Finding The GOAT Album: Whodini’s Escape vs. The Fat Boys’ The Fat Boys. Which Is Better?
One year ago, Ambrosia For Heads launched a debate among its readers seeking to answer one of Hip-Hop’s most hotly-contested questions: who is the greatest MC of all time? “Finding The GOAT MC” lasted between September 2014 and May 2015, engaging millions of readers and ultimately producing its winner, as determined by hundreds of thousands of voters. Now, “Finding The GOAT” returns to ask a new question: what is the greatest of all time Hip-Hop album?
“Finding The GOAT Album” will consider 120 albums from three individual eras (40 in each), with options for wild card and write-in candidates. You and your vote will decide which album goes forward, and which one leaves the conversation. While there will no doubt be conversation between family and friends (virtual and real), only votes cast in the voting tool below will be counted, so use the power of your click.
In 1984, Hip-Hop music was more than flirting with Electro sounds. Two acts involving the mastery of musician/producer Larry Smith made major strides in the year. Whodini left an indelible mark on the genre through their definitive sophomore album, while The Fat Boys feasted on fly rhymes, beefy beat-boxing, and home-cooked harmonies. Travel back 31 years ago, and decide which Rap LP is best (click on one then click vote).
Brooklyn, Hip-Hop trio Whodini made an incredible sophomore album in October, 1984’s Escape. While the group’s self-titled debut eloquently combined Rap with Electro, the follow-up reached the true intersection of skill and pop. As Run-D.M.C. were loud with boisterous deliveries, “Friends” waxed a cautionary tale with a chilled groove, and a vocal smoothness. Jalil and Ecstasy were innovators in knowing when to let the beat breathe, to only enhance the drama to their raps. Another single, “Five Minutes Of Funk” did the same, using a countdown theme and a crescendo approach that translated to parties, car stereos, and boom-boxes. Larry Smith’s arrangements knocked in the highest, combining synths du jour with groundbreaking bass and percussion. Whodini’s sound would not only inform all of Hip-Hop in the mid-’80s, but veteran Funk/R&B groups like Cameo, the Pointer Sisters, and Zapp.
Hip-Hop was forever intended to be the booming voice of the young streets, and Whodini’s Escape obliged. “Freaks Come Out At Night” bottled the break-dance energy with a song that applied to stick-up kids, promiscuity, and Halloween tales at once. As Whodini packed two energetic, highly accessible MCs, DJ Grandmaster Dee only fuel-injected the group’s excitement. A revered turntablist, “Featuring Grandmaster Dee” said all that needed to be said, with Drew Carter’s hands. Only eight songs deep, this early Hip-Hop album never wavered, and refused to brake. Escape found one of Hip-Hop’s most influential groups in their finest stride. Whodini had the formula to reach kids, and elevate the culture, with music that fit any working DJ’s playlist, between Funk, R&B, and Rap 12″ singles. If an album’s greatness is about percentage of great songs on an album, Jalil, Ecstasy, and Grandmaster Dee’s sophomore flirts with perfection.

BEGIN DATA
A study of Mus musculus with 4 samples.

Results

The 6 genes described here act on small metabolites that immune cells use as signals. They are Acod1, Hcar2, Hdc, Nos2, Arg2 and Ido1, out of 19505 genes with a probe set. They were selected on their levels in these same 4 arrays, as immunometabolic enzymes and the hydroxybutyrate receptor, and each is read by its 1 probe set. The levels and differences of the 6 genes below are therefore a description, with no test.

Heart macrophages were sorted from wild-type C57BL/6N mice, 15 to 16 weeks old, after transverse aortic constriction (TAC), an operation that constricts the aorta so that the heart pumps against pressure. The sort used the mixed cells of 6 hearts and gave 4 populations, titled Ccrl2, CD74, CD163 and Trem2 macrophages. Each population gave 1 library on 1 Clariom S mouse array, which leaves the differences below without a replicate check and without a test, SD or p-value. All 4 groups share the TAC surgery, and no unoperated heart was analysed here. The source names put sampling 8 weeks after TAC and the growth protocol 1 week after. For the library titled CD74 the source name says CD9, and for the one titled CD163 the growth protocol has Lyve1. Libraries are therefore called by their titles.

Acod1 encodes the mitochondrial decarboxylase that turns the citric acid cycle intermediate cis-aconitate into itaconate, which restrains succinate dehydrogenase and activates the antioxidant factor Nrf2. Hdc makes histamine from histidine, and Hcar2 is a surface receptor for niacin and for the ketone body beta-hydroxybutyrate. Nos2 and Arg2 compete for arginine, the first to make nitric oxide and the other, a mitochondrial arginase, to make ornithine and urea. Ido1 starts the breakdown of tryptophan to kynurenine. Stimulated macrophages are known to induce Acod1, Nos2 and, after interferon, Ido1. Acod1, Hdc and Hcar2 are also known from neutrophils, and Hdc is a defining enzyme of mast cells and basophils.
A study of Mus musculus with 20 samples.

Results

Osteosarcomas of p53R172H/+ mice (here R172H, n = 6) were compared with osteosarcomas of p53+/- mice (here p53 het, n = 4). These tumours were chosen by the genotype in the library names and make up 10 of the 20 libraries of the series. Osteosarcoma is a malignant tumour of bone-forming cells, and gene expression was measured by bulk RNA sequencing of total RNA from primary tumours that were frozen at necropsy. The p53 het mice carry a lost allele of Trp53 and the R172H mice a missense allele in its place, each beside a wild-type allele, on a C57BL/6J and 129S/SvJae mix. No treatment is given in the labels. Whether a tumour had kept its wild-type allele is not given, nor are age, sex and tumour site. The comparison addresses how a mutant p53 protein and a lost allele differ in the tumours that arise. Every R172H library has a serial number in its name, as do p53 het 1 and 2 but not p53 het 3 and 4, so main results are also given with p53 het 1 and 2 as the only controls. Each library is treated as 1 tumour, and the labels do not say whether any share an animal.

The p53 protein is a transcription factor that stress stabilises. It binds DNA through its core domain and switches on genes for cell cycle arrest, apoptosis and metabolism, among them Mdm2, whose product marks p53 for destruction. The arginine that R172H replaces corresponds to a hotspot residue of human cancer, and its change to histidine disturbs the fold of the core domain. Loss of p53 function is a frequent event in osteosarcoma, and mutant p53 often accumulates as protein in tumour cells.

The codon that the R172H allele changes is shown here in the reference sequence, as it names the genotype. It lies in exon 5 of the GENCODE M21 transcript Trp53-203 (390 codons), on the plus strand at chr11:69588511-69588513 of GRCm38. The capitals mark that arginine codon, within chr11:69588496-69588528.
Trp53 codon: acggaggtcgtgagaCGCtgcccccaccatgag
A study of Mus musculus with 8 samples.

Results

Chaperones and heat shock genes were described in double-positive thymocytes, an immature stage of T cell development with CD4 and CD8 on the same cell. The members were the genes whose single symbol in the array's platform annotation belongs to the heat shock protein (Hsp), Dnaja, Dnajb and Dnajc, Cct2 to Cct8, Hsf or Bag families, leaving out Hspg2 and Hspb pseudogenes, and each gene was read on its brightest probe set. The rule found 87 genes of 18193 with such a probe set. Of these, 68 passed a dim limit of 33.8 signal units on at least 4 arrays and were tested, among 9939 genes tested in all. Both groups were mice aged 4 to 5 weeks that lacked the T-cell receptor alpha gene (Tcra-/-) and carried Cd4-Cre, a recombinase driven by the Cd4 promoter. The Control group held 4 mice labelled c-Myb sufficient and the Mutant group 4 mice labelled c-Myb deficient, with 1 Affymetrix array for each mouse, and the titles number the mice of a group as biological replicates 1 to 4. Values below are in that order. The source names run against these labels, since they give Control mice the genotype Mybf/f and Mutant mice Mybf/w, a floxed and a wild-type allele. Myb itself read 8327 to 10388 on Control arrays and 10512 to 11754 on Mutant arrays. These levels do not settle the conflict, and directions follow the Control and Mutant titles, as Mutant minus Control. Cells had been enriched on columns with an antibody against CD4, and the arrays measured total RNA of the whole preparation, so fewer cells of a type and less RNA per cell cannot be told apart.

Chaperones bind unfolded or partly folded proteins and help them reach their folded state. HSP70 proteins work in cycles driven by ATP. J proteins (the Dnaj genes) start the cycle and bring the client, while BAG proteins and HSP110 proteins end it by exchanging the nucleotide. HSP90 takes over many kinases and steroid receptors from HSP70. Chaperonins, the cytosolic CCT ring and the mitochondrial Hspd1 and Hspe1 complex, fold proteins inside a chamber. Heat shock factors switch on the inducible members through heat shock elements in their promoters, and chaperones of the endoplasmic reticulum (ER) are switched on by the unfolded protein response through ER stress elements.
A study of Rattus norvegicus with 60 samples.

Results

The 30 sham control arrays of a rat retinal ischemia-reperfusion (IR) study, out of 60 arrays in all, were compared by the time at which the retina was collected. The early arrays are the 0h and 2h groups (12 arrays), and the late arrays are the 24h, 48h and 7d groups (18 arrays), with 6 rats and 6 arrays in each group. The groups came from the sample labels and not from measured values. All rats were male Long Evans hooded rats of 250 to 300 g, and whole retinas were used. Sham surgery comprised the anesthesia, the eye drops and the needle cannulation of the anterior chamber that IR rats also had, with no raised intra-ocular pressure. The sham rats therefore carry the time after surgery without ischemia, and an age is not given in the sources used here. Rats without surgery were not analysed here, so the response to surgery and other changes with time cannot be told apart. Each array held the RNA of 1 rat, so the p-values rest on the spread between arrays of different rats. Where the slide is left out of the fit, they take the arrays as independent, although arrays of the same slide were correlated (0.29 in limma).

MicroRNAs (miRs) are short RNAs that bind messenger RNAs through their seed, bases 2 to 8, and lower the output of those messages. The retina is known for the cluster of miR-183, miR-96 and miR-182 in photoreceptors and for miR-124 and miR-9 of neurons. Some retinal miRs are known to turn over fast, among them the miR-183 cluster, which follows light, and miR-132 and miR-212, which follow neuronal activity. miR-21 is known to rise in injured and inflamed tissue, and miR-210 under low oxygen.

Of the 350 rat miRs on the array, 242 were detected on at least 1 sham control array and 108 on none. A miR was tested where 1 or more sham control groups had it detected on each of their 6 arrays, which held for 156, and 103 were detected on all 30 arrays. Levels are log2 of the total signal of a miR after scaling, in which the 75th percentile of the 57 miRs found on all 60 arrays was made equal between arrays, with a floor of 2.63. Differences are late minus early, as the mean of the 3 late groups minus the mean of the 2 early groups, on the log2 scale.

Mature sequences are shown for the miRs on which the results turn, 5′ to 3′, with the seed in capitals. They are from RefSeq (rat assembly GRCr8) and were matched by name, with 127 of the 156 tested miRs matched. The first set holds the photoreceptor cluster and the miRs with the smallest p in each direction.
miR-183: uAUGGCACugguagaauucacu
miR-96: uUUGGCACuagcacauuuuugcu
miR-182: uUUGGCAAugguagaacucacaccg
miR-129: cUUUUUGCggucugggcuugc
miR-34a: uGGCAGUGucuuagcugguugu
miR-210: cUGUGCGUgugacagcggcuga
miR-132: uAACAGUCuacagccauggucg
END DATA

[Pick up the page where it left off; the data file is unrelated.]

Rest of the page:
Album Number: 2
Released: October 17, 1984
Label: Jive/Arista Records
Highest Charting Position (Top 200): #35 (certified gold, January 1985; certified platinum May 1987)
Song Guests: Larry Smith
Song Producers: Larry Smith
The Fat Boys by The Fat Boys
Hip-Hop loves characters. From the pioneering days of the culture, MCs and DJs stood out by distinguishing themselves in sound, style, and visually. The Fat Boys took that approach, and super-sized it. Three plump New Yorkers, Prince Markie Dee, Buff Love, and Kool Rock-Ski actually needed no t-shirts to introduce themselves. However, the rapping and beat-boxing routines proved immediately that the Disco 3 (as they were first known) were absolutely no gimmick. The trio’s 1984 small-indie debut displayed a highly harmonic group in many facets. “The Human Beat Box” and “Fat Boys” remain as tight and influential as any skills exhibition in Hip-Hop’s first decade.
Only seven songs deep, The Fat Boys takes an album seemingly about nothing, and made it unforgettable. “Can You Feel It?” took Kurtis Blow’s proven formula, and made a song that felt like so much more than its lyrics alluded. As much as Doug E. Fresh and Rahzel, this may be the best long-player example of the beat-box craft. “Stick ‘Em” needed no beat, and employed stronger rhymes than the album iterations of the Get Fresh Crew. Years before Slick Rick, Flavor Flav, and Bushwick Bill, The Fat Boys made Hip-Hop visual, and brought further attention and interest to the music. By no means an all-u-can-eat affair, the ’84 jump-off remains a satiating appetizer.
Album Number: 1
Released: June, 1984
Label: Sutra/Tin Apple Records
Highest Charting Position (Top 200): #48 (certified gold, May 1985)
Song Guests: Kurtis Blow, Larry Smith, Don Blackman, Danny Harris, Francis Johnson, Tony McLaughlin, David Ogrin, Davod Reeves, Tashawn, Audrew Wheeler, Alyson Williams
Song Producers: Kurtis Blow, Art Klass, Charles Stettler
So what’s the better album? Make sure you vote above.